Multiple sclerosis is a potentially disabling condition of the brain and spinal cord, wherein the immune system attacks the protective sheath that covers the nerve fibers. This issue causes communication problems between the brain and other body parts, leading to permanent damage or deterioration of the nerves. Signs and symptoms of multiple sclerosis differ from one person to another over the course of the disease and the location of the affected nerve fibers.
There are quite a few common signs of multiple sclerosis, some of them include
- Numbness or weakness in the limbs
- Shocking sensations with certain neck movements
- Tremors and unsteady gait
- Partial or complete loss of vision
- Prolonged double vision
- Blurry vision
- Slurred speech
- Tingling or pain in some parts of the body
The following factors are known to have quite a major role as far as the development of multiple sclerosis is concerned:
Such a condition can occur at any age, but the onset usually begins between the ages of 20 and 40.
Women are more likely to develop relapsing-remitting multiple sclerosis compared to men.
- Family history
Those with an immediate relative who has such a condition have a much higher chance of being diagnosed too.
Infections caused by the Epstein-Barr virus have been linked to the development of multiple sclerosis.
Caucasians, particularly those of European descent, are most likely to develop multiple sclerosis compared to other races. Those of Asian, African, or Native American descent are known to have the lowest likelihood.
As far as geographical regions are concerned, the climates in countries like Canada, the northern United States, New Zealand, southeastern Australia, and parts of Europe play a big role in increasing one’s risk of this condition.
- Vitamin D
Low exposure to sunlight is associated with higher susceptibility to developing multiple sclerosis.
- Autoimmune diseases
People with autoimmune disorders like thyroid disease, pernicious anemia, psoriasis, type-1 diabetes, or inflammatory bowel disease have a higher risk.
Foods to avoid
Managing multiple sclerosis can be quite a tiresome ordeal. While there aren’t clear guidelines outlined for dealing with this condition, Here are four foods to avoid for better management:
- Saturated fats
Saturated fats have been linked to inflammation and are known to increase bad cholesterol levels. High cholesterol can lead to atherosclerosis, which raises a person’s risk of cardiac issues. Studies have shown that conditions like hyperlipidemia, hypertension, and cardiovascular diseases can worsen multiple sclerosis, so it is best to avoid saturated fats. This compound is commonly found in palm and coconut oils, red meat, and full-fat dairy.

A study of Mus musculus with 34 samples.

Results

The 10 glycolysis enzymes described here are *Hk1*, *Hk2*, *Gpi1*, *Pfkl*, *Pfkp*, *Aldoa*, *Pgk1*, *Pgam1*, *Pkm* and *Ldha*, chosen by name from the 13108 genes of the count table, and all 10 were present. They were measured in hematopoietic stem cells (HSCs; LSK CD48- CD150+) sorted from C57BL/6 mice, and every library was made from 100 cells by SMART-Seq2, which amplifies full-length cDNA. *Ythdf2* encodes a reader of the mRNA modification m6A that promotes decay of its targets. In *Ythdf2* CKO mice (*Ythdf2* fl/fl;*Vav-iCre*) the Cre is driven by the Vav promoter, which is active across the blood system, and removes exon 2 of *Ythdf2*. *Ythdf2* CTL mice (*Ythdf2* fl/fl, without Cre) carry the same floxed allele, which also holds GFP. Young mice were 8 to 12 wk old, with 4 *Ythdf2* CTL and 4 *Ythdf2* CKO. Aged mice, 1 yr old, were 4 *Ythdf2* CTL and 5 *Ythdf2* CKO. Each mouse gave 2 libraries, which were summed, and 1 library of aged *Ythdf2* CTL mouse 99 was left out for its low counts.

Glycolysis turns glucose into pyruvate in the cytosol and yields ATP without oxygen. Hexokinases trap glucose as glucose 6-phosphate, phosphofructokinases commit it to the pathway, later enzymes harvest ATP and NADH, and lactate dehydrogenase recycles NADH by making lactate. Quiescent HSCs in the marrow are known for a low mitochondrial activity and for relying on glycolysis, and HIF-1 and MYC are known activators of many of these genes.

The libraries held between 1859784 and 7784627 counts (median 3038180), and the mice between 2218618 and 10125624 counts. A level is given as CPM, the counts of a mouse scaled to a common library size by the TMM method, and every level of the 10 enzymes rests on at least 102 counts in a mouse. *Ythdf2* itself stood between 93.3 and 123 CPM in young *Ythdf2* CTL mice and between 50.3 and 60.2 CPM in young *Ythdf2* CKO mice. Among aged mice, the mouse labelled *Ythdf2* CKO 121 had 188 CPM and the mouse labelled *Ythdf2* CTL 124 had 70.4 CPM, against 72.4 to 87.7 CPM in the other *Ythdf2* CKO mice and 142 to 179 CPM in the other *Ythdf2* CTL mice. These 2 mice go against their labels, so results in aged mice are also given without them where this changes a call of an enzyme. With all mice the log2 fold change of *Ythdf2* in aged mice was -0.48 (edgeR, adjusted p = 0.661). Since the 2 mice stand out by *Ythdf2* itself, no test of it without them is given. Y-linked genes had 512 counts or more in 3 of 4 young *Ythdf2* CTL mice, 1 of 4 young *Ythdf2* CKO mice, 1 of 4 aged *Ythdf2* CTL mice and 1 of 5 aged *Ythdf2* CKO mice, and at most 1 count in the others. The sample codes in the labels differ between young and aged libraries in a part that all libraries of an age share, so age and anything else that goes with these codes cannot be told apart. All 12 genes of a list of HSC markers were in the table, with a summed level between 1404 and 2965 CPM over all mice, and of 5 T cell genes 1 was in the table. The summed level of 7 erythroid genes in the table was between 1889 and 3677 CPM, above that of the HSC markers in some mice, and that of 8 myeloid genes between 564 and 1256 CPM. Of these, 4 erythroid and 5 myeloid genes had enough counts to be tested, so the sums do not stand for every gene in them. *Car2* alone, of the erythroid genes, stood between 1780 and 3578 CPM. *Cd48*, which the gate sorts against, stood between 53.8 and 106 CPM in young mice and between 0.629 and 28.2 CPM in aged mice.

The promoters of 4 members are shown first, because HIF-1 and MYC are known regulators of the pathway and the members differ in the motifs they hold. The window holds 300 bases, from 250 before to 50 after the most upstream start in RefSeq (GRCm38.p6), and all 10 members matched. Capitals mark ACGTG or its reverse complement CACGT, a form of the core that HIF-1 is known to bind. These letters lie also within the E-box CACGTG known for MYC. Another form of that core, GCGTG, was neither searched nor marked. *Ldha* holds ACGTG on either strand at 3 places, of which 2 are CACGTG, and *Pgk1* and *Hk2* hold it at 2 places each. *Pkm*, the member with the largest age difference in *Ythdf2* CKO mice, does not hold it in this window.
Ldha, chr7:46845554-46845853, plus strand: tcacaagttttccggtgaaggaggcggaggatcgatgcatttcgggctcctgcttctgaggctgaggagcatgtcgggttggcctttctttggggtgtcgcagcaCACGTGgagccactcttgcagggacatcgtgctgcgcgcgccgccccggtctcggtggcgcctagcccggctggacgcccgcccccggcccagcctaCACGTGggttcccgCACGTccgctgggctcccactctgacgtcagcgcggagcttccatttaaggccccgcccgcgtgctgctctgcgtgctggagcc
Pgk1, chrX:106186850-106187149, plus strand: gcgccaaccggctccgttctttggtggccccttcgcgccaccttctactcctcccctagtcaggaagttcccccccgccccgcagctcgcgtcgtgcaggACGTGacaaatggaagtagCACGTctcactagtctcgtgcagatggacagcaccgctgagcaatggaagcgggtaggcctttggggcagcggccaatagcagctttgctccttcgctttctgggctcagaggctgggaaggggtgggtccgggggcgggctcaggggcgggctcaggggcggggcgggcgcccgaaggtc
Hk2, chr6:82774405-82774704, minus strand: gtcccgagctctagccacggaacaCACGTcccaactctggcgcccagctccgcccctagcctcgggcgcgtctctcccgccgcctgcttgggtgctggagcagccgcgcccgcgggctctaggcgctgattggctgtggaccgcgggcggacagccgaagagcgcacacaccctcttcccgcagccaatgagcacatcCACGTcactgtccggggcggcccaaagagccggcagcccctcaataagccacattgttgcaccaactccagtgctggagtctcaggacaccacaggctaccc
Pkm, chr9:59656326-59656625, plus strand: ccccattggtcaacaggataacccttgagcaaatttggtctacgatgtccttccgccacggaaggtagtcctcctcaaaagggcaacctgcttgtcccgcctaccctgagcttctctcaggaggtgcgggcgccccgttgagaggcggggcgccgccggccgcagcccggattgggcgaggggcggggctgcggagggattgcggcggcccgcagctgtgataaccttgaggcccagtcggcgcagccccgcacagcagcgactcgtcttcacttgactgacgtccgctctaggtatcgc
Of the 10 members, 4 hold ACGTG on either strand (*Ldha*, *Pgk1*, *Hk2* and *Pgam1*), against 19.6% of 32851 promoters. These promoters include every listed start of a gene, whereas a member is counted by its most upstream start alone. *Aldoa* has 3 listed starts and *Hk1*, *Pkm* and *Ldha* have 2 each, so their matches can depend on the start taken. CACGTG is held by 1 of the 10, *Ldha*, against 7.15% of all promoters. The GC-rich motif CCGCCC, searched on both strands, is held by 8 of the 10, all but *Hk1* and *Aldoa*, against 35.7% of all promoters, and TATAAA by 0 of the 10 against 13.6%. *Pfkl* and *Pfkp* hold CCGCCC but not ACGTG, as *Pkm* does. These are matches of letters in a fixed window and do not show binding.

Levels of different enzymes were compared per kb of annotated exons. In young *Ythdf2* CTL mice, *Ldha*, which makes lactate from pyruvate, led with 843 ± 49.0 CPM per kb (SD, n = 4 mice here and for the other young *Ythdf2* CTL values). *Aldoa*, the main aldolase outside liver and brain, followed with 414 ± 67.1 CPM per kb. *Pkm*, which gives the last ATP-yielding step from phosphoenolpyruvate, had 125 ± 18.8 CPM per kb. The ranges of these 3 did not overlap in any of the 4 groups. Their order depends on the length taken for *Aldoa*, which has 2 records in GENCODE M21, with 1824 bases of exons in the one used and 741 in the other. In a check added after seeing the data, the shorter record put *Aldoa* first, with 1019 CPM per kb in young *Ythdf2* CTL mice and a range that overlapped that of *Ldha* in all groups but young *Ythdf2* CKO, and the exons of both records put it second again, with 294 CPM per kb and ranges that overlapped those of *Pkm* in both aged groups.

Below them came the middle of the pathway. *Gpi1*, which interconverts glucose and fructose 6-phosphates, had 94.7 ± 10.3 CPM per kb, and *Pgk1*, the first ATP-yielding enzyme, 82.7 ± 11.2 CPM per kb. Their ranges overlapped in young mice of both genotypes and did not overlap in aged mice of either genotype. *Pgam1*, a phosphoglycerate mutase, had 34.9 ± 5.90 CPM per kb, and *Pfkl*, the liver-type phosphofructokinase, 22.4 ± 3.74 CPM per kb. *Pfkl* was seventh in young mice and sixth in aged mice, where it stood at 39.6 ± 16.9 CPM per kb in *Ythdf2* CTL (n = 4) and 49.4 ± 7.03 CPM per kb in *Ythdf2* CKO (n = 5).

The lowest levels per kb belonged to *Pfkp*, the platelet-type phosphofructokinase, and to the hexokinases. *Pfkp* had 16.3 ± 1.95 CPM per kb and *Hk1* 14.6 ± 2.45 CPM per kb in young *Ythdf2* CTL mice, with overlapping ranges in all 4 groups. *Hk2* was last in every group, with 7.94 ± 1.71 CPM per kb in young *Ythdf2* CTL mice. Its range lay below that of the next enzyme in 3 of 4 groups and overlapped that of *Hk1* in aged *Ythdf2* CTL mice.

- Trans fats
These fats increase the inflammation inside the blood vessels, which could lead to cardiovascular diseases. Trans fats can be found in commercially baked cookies, crackers, pies, and other packaged products. Look for the ingredients “partially hydrogenated oil” and “shortening” on nutrition labels to stay clear of trans fats.
Sodium, in excess, can increase blood pressure and the risk of hypertension, which is known to detrimentally affect those with multiple sclerosis. The American Heart Association suggests limiting daily sodium intake to 2300 mg for heart-healthy people or 1500 mg for people with heart concerns.
- Refined carbs
White rice and bread and cold breakfast cereals can elevate blood sugar levels and harm heart health. Instead, switch to healthier options like whole grains, fruits, and vegetables.
Even though there are no clear guidelines for people with multiple sclerosis regarding their food and nutrition, experts recommend preparing and eating wholesome meals at home and Incorporating fresh fruits and vegetables. When picking grains, choose whole grains over their refined counterparts. Furthermore, limit processed foods and added sugars as much as possible.
Those with multiple sclerosis can also benefit from foods like turmeric, ginger, insoluble fibers like prunes, green tea, dairy alternatives like almond or soy milk & milk products, fatty fish like herring, tuna, mackerel, sardines, and salmon, and lean proteins like skinless chicken, beans, and lentils.